Dealing with loss: Memorializing your cat

The bond between a human and an animal is often unparalleled by anything we experience in our human relationships. So, too, can be the pain we feel when that animal is gone.

If you have lost your cat, (or any animal friend) know first that your grief is real and valid, and that you are entitled to feel what you are feeling. Know also that it is important to connect with those who will understand and support you. Sometimes people just don’t understand, or simply cannot bear to comprehend this type of loss. So if you hear things like, “Well, it must have been his time,” or “Maybe you should just get another cat,” try not to take these things to heart. Sometimes people say these things because they don’t know what else to do.

Either way, now is not the time to try to convince them of the depth of your pain. You need all your energy right now to heal. Again, align yourself with those who will support you.Sometimes a pet loss support group can help. Check your local paper, veterinary clinics, libraries or your local humane society for suggestions. Just being with kindred spirits, sharing stories of love, laughter, and loss, can be very healing.


Also healing is the use of ceremony. Ceremonies give us something to do, an outlet for our pain, and a way to honor a life. You can create your own ceremony by first becoming aware of what you are feeling. Anger, guilt, sadness and loneliness are all normal feelings to have during this time. Once you know what you are feeling, set an intention to release some of that pain. You might take a walk and sprinkle sugar on all the wildflowers you see, each time saying, “I love you, and I am releasing some of my pain now.”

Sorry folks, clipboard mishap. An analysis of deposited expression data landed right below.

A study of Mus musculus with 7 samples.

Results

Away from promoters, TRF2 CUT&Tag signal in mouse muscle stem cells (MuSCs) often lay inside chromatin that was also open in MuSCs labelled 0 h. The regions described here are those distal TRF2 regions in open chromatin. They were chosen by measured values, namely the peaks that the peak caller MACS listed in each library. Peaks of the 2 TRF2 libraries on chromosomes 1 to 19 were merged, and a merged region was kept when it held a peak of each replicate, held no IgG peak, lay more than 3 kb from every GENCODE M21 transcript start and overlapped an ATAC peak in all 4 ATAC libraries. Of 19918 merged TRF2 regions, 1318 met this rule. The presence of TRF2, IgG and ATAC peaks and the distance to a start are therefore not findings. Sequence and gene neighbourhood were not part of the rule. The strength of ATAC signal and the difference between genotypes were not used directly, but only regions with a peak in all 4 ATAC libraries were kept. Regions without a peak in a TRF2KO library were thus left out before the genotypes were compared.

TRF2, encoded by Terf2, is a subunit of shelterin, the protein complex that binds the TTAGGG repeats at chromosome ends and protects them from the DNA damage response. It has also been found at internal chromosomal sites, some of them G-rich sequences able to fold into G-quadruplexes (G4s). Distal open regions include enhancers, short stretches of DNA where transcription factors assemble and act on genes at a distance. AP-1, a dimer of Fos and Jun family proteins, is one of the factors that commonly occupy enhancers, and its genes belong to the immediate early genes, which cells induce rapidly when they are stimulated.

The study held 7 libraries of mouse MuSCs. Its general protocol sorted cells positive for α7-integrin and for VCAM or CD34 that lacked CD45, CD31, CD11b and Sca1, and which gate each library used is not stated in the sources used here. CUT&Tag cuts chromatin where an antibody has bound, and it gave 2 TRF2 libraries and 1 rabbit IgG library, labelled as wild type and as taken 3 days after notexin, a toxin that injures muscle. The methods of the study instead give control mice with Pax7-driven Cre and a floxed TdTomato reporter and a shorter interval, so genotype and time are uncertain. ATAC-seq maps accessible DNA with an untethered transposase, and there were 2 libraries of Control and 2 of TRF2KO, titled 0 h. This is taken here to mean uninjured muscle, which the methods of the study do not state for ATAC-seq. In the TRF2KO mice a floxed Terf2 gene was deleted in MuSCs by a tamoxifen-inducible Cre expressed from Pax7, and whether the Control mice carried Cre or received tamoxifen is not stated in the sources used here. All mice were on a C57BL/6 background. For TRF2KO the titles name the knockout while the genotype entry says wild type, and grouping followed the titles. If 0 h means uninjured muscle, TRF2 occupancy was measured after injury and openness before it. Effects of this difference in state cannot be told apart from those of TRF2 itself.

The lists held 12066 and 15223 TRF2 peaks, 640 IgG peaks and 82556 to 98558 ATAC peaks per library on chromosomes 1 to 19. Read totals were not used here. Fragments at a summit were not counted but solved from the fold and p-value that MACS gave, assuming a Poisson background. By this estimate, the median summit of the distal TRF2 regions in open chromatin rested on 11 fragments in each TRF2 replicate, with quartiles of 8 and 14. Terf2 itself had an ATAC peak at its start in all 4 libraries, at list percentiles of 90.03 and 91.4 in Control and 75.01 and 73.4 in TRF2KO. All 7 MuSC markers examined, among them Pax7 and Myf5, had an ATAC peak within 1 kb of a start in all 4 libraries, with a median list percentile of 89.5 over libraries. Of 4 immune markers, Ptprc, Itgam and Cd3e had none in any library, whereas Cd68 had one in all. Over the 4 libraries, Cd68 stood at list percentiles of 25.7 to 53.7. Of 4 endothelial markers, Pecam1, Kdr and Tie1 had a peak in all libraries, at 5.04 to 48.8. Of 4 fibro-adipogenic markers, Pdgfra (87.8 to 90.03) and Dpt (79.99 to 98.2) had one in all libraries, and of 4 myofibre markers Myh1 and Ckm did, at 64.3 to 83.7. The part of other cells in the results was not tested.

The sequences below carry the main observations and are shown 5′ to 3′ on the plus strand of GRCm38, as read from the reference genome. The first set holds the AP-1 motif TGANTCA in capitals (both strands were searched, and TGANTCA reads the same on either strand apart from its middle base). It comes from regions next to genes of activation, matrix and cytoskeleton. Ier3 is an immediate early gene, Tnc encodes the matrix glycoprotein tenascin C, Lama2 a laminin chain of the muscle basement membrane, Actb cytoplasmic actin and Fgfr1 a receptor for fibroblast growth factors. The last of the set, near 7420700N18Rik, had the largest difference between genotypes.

What did your cat teach you? Set an intention to honor that quality. If it’s playfulness, spend an afternoon playing in the park. If it’s kindness, perform a random act of kindness for someone. Write your funniest memory of your cat and post it on the internet. Others may benefit from what you’ve shared.


Some find healing in creating an altar in honor of their pet. A picture on the fridge, a collection of memorabilia in a special place in the house, or a tree or shrub planted in the yard will do. You might consider giving some time or financial support to animal welfare organizations — local or national. Donations of any kind, along with your story, will be welcomed by all.

There are many possibilities for memorializing your cat and helping you to heal. Be creative, and choose the things that feel right for you. Above all, be gentle with yourself. If there are children involved, include and support them through this process. In time it will be easier to remember your loved one with smiles instead of tears, and the loss you feel will be outweighed by the love you shared.